22530 87th Avenue S.E., Woodinville, Washington 98072
My husband couldn't leave his first gas engine show without one teeny purchase. He wanted his own fine specimen of gears, shafts, and flywheel. An antique engine seemed like a fun thing since he runs a machine shop out of our home. Once he unloaded it, I took a look at his new acquisition. It was no bigger than a 24-inch television set and didn't run too well. I thought it was cute, painted forest green and sporting a pretty brass oiler. And comical. It huffed and wheezed trying to start. My Machine-Man seemed tickled.
And if this were all, I'd have been happy, too.
But soon my husband was gone several nights a week attending the local gas engine club meetings or trading with other collectors. When at home, Machine-Man sat across from me with his face buried in an encyclopedic book titled, American Gasoline Engines Since 1872. If I asked my husband, 'How was your day?,' a voice from behind the book responded with information about vintage engines. 'The Alamo 'Blue Line' was introduced in 1913. . . .'
I attended the club meetings hoping to share my husband's newfound interest. Over potluck dishes there were discussions of Sandwiches, Stovers and Stickneys.
'What do you collect?' one woman asked me in between bites of potato salad. I explained that my husband was the collector. She began to spill her marital troubles. 'My man's out of control. It started with a Cushman, then New Ways and Hercules. Now, I've lost track. Engines are in the garage, the yard, the spare room. He calls one Handy Andy and another Waterloo Boy, as if they're members of our family. Just some friendly advice. Get your husband out. His hobby will take over your life.'
'Oh, I'm sure it won't come to that,' I laughed, noting the woman had the sobering expression of a doctor who's just told a patient she has hours to live.
Exhaust-belching treasures stacked up in Machine-Man's shop. All were in need of a makeover, and M-Man spent much time restoring each one. Tired of purchasing gas engines from other collectors, M-Man detoured through farm country whenever we were headed for the mall or church. With his head cranked toward pastures and rows of crops, he checked out farmers' fields. Once, he slammed on the brakes. As I rejoiced 'hallelujah!' for remembering to buckle up, my husband was in hot pursuit of a rusting flywheel poking out of cornstalks. The farmer asked M-Man to just haul that 'ol' hulk' away for him. As if my husband were doing him the favor. The truth is, my husband was no happier than if Ed McMahon appeared on our doorstep with balloons and a check for a million. M-Man de-rusted, sanded, machined and painted until his find glistened beneath shop lights. Then, the best part. The engine started--sputter, sput, chugga-chug! A smoky ink-like cloud gushed into our house.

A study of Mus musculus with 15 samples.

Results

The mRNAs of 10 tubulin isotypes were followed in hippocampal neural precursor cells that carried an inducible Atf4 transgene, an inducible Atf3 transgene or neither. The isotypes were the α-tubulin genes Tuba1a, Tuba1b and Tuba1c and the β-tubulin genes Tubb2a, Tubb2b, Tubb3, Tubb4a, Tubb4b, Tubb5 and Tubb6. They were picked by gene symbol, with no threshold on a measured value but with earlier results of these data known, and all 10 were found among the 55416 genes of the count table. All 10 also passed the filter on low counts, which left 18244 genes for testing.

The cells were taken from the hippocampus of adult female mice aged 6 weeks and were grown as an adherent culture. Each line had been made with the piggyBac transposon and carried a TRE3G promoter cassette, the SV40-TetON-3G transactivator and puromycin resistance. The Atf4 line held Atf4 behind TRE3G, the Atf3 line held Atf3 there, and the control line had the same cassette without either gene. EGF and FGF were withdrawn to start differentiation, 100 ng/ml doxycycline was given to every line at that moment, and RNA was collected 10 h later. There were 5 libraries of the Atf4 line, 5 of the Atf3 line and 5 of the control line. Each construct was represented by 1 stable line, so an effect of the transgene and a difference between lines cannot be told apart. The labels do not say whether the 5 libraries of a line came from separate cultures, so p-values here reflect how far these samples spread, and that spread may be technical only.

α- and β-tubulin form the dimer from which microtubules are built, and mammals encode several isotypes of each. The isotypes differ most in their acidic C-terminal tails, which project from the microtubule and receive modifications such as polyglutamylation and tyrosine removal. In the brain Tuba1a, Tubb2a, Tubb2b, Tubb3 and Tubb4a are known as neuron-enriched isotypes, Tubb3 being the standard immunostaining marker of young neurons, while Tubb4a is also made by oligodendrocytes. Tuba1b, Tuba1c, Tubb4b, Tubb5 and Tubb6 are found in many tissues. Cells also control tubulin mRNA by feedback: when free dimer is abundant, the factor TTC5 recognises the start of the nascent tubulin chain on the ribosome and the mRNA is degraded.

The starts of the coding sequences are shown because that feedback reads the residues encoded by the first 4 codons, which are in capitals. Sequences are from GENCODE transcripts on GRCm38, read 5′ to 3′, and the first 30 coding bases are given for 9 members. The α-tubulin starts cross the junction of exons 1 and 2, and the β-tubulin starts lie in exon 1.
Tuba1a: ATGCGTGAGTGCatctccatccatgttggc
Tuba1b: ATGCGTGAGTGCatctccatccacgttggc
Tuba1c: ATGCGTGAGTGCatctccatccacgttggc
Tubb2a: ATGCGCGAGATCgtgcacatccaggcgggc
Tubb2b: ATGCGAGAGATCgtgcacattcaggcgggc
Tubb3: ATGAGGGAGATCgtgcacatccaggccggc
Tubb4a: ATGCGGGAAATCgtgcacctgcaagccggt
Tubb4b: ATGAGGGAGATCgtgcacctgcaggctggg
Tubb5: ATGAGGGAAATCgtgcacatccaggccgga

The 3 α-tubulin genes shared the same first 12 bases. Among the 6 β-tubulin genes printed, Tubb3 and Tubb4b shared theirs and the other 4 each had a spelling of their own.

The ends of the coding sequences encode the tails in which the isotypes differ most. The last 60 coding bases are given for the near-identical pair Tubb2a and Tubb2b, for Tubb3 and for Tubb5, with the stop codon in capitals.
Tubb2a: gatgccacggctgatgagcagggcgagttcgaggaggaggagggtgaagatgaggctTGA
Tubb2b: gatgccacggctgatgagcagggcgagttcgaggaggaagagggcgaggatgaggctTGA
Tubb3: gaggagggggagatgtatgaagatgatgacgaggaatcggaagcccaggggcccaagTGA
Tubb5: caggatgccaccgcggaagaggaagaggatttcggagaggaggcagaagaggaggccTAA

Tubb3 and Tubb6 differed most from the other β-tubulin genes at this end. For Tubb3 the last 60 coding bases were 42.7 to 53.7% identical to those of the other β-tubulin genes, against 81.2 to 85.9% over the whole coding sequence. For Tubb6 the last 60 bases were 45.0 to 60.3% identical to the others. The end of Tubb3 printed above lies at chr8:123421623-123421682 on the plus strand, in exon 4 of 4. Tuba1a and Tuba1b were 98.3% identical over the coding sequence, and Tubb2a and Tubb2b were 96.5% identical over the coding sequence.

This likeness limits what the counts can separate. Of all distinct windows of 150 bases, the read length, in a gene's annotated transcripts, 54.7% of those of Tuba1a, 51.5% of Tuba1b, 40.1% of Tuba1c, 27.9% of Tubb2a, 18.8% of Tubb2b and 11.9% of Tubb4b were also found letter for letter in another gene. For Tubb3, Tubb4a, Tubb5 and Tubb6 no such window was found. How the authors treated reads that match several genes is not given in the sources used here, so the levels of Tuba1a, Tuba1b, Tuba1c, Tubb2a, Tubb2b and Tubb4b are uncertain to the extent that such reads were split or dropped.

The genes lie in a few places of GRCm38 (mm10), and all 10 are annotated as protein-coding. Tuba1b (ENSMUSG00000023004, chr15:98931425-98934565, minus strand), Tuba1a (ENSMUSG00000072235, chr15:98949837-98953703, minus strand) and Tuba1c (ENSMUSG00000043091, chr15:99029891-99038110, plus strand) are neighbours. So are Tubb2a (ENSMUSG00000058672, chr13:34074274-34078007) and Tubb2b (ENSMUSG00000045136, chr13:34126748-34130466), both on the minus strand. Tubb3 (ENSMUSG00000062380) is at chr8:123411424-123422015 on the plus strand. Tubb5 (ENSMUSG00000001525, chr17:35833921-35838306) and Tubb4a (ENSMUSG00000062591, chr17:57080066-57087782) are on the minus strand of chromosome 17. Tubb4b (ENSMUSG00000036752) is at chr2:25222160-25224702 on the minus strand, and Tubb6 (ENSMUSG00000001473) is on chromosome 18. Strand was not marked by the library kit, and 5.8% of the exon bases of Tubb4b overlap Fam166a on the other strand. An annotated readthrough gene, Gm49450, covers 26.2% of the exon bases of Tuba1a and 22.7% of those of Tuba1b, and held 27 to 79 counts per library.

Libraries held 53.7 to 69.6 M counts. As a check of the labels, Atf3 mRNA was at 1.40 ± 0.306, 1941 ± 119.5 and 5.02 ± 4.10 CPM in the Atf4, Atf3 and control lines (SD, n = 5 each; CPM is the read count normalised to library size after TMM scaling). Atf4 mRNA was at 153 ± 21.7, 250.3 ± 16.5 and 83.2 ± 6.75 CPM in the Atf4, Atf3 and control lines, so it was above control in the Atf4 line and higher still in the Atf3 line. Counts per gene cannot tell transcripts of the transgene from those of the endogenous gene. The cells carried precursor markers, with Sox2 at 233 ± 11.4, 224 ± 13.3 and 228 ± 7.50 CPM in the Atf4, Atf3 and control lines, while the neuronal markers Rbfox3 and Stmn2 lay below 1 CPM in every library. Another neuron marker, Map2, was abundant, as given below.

'Pleee-ze get a new hobby,' I wailed, feeling a headache coming on. My words fell on deaf ears.
My husband speaks engines, breathes engines, lives engines, dreams engines.
What does he want under the Christmas tree?
'A Lunkenheimer spin-top oiler and a side-shaft.'
Where would he like to go for his twentieth wedding anniversary?
'Montana, there's plenty of stationary engines there.'
Not only are Christmas and anniversaries consumed by the quest for engines, so are our summers. 'Here's a calendar of the engine shows I'm attending this summer. Don't make plans for me on those days.' I noticed only one Saturday in August is free of a scheduled show.
Then there's ribbons. M-Man is awarded a splashy ribbon each time he shows an engine. They come in more colors than the Crayola Company can dream up. M-Man's ribbons cover an entire laundry room wall. 'Skagit Gas Up Exhibitor' and 'Mt. Hood Threshing Bee Participant' shout at me as I toss in a load of clothes. A framed photo of M-Man's prize engine hangs next to the sink. I can't reach for the laundry detergent without thinking of the other love of my husband's life--a 1915 Associated in cherry red glory.
If there's an end to this, maybe it is reaching the ultimate goal. For M-Man, it is to own a Superior. I'm told it stands about fifteen feet high and must be supported by a trailer. It has twenty horsepower and emits fumes so profusely that the fire department must be notified before starting it up. Having one of these towers in our front yard is my husband's lifelong dream.
Last night I sat across the dinner table facing 'the book' as I had so many times before. I was thinking how much life had changed since that first engine show. Suddenly the oversized book slapped shut. From behind it appeared a nice-looking man smiling over at me.
'Who are you?' I asked.
The man seemed annoyed by my question. He said something about wanting to spend more time with me.
I wondered. Could this stranger be my Machine-Man? It had been so long since I'd actually seen his face, I couldn't be sure.